When I start my process of making my photographs, I draw out my ideas in journals. This helps because even if I don't work on the idea straight away, the plan and idea is still there for another day. I happen to be a good illustrator, so it's easy for me to fully flesh out how all or part of it should look. I'm going to focus on the illustration process of "Suicide" .
This is always the first step so I can recall all the ideas I had for the picture. Not everything I draw makes it to the finished product. You'll notice later on that the tears and the extra hands didn't make it into the picture. Also when planning, I write notes on the picture so that I immediately see it while editing or as a reminder of what I need for the picture. For instance, I put red leaves arrow in the plans because it was a quick sketch and its hard to tell that they're leaves and get me thinking about how I'm going to get red leaves.
Collecting (Take Pictures)
The fun part is actually collecting the pictures I need to be able to recreate the illustration. I work on getting the main components first in as few pictures as possible in RAW format. This helps later on in the editing process so that you aren't making too many cumbersome and repetitive edits that would've been easier if it was just one or few pictures. Saying that, I take multiple pictures of that part of the subject just so I have options when editing. For instance when taking the self portrait of myself, I took 7 or 8 pictures with or without glasses to get the right look for the picture. I ended up using a particular picture with the glasses on because it focuses and emphasizes the eyes. I try my hardest to find what I need in real life, but if I'm low on funds, its not the right season, hard to find, etc., I go on Textures.com and search for what I need as far as objects or textures. I needed a bullet in the photo but it was small enough in the photo's design that it wouldn't disrupt the photo if I searched for the one I needed online.
I import the pictures into Photoshop piece by piece because I need to select, feather, and layer the objects like I need them to. I do that before working on the image as a whole. I keep adding the pictures until I feel like it has the right amount. Even though I'm editing the pictures, I have to go back and forth between collecting and editing because I feel like something is missing. When I have the composite done, I play around with effects, color, vibrancy, contrast, etc., until I'm happy and feel the piece is finished.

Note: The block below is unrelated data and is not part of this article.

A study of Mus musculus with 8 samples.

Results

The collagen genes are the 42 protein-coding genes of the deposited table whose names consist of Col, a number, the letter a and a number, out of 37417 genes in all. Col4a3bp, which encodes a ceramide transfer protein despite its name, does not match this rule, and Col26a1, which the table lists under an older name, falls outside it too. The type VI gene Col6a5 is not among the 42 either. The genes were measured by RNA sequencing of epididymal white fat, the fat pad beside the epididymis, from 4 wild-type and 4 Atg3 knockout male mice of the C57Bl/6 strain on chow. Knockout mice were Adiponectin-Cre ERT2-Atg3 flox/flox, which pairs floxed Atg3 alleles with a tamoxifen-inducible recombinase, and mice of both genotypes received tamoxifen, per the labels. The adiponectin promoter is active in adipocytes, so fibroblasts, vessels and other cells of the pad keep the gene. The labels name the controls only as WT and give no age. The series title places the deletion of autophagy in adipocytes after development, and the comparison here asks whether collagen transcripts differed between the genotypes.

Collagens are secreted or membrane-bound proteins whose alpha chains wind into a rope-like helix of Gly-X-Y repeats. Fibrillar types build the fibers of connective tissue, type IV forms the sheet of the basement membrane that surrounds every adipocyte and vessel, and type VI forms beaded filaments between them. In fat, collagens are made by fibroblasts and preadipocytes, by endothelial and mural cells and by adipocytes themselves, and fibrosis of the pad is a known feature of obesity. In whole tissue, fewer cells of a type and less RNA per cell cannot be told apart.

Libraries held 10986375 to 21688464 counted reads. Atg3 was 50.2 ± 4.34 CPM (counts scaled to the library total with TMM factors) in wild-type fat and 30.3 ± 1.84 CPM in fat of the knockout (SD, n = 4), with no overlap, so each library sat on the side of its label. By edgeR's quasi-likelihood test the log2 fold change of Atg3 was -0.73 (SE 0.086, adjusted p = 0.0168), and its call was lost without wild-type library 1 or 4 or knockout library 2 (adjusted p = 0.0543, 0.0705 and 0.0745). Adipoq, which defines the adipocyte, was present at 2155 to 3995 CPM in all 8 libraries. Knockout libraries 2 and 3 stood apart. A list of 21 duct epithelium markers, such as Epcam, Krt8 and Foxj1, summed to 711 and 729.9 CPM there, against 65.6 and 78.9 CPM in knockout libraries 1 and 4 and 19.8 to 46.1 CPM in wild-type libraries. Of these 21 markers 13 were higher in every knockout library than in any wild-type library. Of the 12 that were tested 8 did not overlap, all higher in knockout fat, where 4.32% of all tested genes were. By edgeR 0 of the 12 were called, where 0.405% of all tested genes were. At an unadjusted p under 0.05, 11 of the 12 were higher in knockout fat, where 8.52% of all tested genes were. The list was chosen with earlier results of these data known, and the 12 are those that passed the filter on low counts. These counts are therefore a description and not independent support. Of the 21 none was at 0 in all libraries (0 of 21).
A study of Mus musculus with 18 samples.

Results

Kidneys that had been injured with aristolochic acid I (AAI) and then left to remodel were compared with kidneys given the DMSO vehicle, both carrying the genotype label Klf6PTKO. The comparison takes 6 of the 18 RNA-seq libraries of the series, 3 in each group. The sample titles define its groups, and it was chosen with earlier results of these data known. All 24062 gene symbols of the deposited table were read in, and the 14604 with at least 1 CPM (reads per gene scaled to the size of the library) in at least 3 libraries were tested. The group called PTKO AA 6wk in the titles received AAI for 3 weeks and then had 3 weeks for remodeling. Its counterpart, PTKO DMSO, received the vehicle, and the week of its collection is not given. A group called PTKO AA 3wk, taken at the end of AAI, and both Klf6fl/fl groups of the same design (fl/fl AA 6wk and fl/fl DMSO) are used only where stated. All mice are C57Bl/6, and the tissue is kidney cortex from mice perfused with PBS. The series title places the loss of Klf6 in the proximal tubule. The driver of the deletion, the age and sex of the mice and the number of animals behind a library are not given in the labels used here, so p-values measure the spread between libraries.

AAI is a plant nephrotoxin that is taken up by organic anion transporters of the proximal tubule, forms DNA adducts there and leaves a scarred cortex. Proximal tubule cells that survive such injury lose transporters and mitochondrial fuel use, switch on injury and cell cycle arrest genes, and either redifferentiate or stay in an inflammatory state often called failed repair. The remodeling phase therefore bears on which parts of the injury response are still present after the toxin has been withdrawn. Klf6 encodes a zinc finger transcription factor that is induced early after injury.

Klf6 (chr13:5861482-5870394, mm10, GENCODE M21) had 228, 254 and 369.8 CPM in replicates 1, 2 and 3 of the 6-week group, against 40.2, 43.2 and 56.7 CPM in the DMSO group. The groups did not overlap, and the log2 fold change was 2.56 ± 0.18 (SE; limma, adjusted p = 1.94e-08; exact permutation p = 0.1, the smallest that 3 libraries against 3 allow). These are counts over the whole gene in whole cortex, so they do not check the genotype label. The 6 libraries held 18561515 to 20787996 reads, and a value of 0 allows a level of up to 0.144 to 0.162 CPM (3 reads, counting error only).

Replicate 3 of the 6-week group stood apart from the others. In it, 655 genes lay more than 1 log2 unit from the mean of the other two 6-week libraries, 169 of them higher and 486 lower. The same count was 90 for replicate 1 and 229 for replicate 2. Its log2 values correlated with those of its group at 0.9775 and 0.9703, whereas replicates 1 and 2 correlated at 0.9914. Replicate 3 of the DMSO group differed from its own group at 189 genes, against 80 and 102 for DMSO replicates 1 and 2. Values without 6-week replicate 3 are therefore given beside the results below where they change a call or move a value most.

The Instagram Test
This is something I recently added to my workflow. This is completely optional but it helps me when I'm at a finished point. In this case, I used it because this was the first image in my "Bipolar" series so I did not know what look I wanted. I turn my Photoshop file of the image into a jpeg and go through the process of uploading it to Instagram. I stop at the filter portion and scroll through the filters and see if one of them does a better job at portraying what I need to communicate to the viewer. If it doesn't then I proceed to upload to my Instagram page. But if it does, I screenshot how the image looks on my phone and go back to editing my picture in Photoshop until it is near to how it looks and then again consider if it's finished or not. For this image, I only had to go back and re edit it once.
The right was the second finished version but through the Instagram test, I perfected the image to come up with the final product on the left.
When I first finished Suicide (not pictured), I wasn't happy at all. When I showed it to my fellow artists or other people, they told me that it was fine and it looked finished to them. I was still very unhappy, so I continued to edit to come up with the second version. I wasn't happy until I finally did the Instagram test and tweak the brightness and coloring to emphasize the feel and emotion of the piece. I don't use the Instagram test all the time and would even advise not to use it as a crutch. Its just another way to add options of how the piece could look or that thing that is missing but you can't envision what that thing is. I hope someone reads this and help them find a method that could help them out when they're stuck or how to make surreal photography efficiently.